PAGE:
Phil Castle, The Business Times
A tour of the new manufacturing operation at Capco takes visitors through a process that involves robotic welders, computerized testing stations and a powder coating facility. The end result: bomb fin assemblies stacked just so on pallets and ready for shipment.
From his perspective as chief executive officer of Capco, Cordell Bennigson sees even more: “It’s a growth opportunity for us.”
A contract to build BSU-33 bomb fin assemblies for the United States military and foreign allies not only increases revenue for the Grand Junction-based defense contractor, but also diversifies its product line, Bennigson says. That leads to another end result, he adds: more jobs and an even bigger contribution to the Grand Valley economy.
“It’s all very, very powerful stuff.”
Powerful in a business sense, not a literal one. As Bennigson points out, Capco manufactures the fin assemblies that attach to the end of bombs, not the bombs themselves. The fin assemblies, which work like the feathers on an arrow, have long been used on 500-pound bombs dropped from Air Force, Marine and Navy aircraft.
Capco was awarded a nearly $34.3 million contract to supply the fin assemblies. The company subsequently purchased a 35,000-foot-building on South 12th Street and invested more than $5 million in the building and manufacturing facilities there.
Production began in September. When fully staffed, the operation will employ about 35 people, Bennigson said. The overall staff at Capco totals 375.
In addition to the contract for bomb fin assemblies, Capco recently received a nearly $40 million contract for impulse cartridges used to eject flares and chaff from aircraft and an almost $39 million contract for lightweight machine gun tripods. Capco has supplied cartridges since 2002 and tripods since 2013.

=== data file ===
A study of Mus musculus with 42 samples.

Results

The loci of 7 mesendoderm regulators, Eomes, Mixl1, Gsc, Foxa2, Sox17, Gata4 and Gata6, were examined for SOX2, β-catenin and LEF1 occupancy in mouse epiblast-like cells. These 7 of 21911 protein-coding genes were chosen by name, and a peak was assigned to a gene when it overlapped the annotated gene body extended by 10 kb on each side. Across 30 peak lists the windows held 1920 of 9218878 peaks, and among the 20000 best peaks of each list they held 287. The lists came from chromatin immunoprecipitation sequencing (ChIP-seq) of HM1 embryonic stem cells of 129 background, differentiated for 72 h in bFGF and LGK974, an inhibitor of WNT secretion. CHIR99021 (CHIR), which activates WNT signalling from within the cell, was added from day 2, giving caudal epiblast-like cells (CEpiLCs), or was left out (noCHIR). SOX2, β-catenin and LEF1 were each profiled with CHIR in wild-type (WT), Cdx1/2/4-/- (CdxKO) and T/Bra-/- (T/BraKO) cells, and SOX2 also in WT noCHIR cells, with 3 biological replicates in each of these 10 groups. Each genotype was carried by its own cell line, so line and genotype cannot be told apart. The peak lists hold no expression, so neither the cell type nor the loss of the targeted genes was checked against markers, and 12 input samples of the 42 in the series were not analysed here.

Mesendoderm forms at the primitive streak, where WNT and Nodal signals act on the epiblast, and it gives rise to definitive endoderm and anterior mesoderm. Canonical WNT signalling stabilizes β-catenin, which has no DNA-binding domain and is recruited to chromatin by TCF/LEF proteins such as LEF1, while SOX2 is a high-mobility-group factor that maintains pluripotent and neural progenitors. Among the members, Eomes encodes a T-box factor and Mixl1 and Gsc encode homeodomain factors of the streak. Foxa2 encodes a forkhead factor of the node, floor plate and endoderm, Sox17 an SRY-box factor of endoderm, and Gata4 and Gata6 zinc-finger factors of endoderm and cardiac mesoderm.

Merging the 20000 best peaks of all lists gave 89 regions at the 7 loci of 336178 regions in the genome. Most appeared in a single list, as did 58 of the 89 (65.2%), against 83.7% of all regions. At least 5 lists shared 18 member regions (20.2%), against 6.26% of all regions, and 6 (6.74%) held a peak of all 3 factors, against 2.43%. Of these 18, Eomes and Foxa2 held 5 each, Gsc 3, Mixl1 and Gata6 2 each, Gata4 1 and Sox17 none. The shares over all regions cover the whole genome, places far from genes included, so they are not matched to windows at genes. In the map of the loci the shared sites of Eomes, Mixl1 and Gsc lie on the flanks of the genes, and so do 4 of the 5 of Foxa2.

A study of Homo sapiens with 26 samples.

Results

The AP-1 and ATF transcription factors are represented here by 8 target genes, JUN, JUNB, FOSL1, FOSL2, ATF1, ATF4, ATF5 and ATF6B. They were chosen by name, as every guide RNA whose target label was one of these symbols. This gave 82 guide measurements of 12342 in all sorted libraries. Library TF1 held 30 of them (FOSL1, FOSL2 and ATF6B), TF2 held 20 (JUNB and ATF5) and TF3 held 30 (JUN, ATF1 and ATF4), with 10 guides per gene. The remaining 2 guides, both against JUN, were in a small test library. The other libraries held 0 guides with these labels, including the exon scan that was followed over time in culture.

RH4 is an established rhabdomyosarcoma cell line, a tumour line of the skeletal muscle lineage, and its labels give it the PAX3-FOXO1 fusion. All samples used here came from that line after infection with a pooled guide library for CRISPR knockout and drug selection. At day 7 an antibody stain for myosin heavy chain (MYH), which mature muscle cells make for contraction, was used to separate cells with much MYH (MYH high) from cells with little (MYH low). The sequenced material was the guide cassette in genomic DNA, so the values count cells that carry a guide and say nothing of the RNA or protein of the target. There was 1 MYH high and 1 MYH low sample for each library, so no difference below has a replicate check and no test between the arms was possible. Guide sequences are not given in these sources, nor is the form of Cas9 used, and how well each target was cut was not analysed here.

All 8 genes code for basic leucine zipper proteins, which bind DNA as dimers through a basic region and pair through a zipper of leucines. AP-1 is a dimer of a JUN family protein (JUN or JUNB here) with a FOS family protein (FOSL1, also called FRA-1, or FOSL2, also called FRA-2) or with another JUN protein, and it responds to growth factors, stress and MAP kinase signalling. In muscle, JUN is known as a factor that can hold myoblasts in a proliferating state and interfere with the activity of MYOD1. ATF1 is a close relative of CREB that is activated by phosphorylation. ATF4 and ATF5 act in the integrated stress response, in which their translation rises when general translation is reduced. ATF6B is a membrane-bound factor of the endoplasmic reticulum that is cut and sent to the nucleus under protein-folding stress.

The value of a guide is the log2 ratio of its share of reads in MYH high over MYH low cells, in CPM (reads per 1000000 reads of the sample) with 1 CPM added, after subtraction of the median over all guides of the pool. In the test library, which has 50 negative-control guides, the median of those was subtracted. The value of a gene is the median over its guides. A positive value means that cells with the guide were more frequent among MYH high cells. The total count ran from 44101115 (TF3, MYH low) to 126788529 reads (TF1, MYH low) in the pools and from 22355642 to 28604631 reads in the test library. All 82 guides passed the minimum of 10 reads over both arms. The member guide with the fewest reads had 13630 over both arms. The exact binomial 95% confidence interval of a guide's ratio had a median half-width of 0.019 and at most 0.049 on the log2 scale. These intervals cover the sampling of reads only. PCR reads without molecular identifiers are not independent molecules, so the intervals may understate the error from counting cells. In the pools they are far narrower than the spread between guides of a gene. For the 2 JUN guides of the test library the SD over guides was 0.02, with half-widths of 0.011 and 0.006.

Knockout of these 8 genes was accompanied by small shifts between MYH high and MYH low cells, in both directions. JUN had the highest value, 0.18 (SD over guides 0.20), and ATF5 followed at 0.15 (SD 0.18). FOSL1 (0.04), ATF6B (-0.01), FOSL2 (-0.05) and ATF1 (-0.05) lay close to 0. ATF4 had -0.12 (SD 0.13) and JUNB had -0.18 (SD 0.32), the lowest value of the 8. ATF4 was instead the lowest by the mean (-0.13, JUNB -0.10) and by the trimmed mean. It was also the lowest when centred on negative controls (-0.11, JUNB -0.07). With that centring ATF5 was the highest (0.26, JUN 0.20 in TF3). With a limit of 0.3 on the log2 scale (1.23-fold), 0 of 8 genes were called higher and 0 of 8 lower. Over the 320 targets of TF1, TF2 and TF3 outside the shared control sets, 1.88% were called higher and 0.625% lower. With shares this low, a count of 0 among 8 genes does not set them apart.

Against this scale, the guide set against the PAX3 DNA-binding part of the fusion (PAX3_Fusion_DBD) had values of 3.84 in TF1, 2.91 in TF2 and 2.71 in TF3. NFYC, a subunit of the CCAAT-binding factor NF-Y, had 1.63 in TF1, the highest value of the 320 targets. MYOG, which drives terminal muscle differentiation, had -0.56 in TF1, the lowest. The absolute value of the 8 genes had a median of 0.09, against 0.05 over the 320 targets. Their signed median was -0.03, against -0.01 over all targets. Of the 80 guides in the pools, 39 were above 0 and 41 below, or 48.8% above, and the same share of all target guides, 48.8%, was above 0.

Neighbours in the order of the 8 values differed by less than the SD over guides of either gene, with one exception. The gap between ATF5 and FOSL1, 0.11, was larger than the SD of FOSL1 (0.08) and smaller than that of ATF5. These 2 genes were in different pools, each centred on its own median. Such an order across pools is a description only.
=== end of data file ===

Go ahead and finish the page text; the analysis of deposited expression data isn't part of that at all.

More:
Since Capco was founded in 1968, it has experienced success in manufacturing products for the Department of Defense and other industries. What’s different these days, Bennigson says, is a growing awareness of the company and its operations.
There’s more to come. “We’re really in a growth mindset and a growth attitude.”
Capco will pursue other contracting opportunities to supply new products or make existing products better, Bennigson says. Capco also pursues research to design it own products, he adds.
The company has developed a reputation over the years as a trusted contractor that supplies products offering what Bennigson calls extreme reliability. “They do what they’re supposed to do when they’re supposed to do it.”
While price matters in government contracting, Bennigson says it’s more important to provide products with the highest value than the lowest cost.
Technology plays a role, he says. The new manufacturing facilities for the bomb fin assembles includes robotic welders and other computerized equipment that makes the process not only quicker and more efficient, but also minimizes variability and meets strict specifications for quality.
But at the same time, the work of skilled employees is still required, Bennigson says. “It’s not a one size fits all.”
The success of Capco in securing contracts and expanding operations has resulted in increased staffing — and more opportunities for those looking for jobs, Bennigson says. That includes veterans.
Capco recently received the Employers of Veterans Award from the American Legion, Department of Colorado for its efforts. Executives at Capco provide assistance to veterans applying for positions with the company and also assist with job fair boot camps conducted by the Mesa County Workforce Center in Grand Junction.
Growth also has created more opportunities for existing Capco employees to develop their careers either in different departments or management positions, Bennigson says.
Meanwhile, the economic contributions of the manufacturing operation grow as well.
That’s why Bennigson says he’s excited about the new manufacturing operation at Capco, but also what he sees as additional opportunities.